Despite all the recent focus on female empowerment and "leaning in" at work, California women are still paid just 84 cents for every $1 paid to men in the state.
In the Golden State, a woman who works a full-time job earns, on average, $41,956 a year, compared with $50,139 for a man who works full time, according to an analysis from the nonprofit advocacy group the National Partnership for Women & Families. That's a wage gap of $8,183 per year between the genders.
Collectively, California women lose out on a total of nearly $37.7 billion annually, the report said.
Minority women struggle even more: Black women in California are paid 63 cents for every dollar paid to white males, while Latinas are paid just 44 cents, the report said.
Debra L. Ness, president of the advocacy group, likened the existing pay gap to "'Mad Men'-era wage policies."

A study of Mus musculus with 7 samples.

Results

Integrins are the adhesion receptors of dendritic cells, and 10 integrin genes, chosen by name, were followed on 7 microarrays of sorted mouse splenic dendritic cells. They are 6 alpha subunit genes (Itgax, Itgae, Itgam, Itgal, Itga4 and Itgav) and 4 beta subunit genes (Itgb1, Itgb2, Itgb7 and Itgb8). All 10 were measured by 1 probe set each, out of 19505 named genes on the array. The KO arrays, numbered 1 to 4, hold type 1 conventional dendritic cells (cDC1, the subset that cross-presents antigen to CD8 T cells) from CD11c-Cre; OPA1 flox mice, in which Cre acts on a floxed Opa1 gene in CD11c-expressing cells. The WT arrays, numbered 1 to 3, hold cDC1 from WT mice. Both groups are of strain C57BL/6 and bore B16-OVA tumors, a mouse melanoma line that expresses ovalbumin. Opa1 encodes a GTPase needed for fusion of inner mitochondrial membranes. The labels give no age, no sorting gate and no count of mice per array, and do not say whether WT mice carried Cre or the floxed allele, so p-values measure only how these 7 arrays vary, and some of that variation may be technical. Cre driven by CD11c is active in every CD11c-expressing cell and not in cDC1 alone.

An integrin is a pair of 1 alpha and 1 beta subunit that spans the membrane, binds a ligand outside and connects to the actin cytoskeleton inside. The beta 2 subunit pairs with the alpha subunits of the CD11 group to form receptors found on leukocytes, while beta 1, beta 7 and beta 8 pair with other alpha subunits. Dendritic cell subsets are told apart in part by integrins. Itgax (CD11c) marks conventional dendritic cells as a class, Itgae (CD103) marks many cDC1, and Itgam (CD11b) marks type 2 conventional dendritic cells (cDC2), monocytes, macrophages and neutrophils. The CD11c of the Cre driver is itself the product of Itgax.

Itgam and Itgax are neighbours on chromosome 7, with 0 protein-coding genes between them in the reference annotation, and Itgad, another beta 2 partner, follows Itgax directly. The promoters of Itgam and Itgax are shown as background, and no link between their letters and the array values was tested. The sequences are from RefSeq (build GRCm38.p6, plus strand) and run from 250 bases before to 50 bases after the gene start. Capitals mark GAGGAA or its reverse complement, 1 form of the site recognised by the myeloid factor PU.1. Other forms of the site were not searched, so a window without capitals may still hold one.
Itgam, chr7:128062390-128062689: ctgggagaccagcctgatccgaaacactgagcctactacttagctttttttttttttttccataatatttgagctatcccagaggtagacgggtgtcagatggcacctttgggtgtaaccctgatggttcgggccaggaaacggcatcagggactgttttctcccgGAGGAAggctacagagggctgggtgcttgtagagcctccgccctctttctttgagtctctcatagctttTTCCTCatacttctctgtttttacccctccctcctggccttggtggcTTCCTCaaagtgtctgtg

"When women and their families lose thousands of dollars in critical income each year, they have significantly less money to spend on food, gas, rent and other basic necessities," Ness said in a statement.
That money would make real, consequential impacts on the lives of women in the state, she said. If that gap were eliminated, each California female who worked full-time could afford to pay for an extra 1.1 years of food, pay the mortgage and power bills for an extra four months or buy about 2,100 extra gallons of gas.
"These basic necessities would be especially important for the 29% of California's women-headed households currently living below the poverty line," the report said.
California, it turns out, is actually ahead of the national average. Nationwide, women who work full time get paid only 77 cents for every dollar paid to their male counterparts. The divide between men and women -- which is closing at a rate of less than half a cent per year since 1963 -- will not be closed for another 50 years, the report said.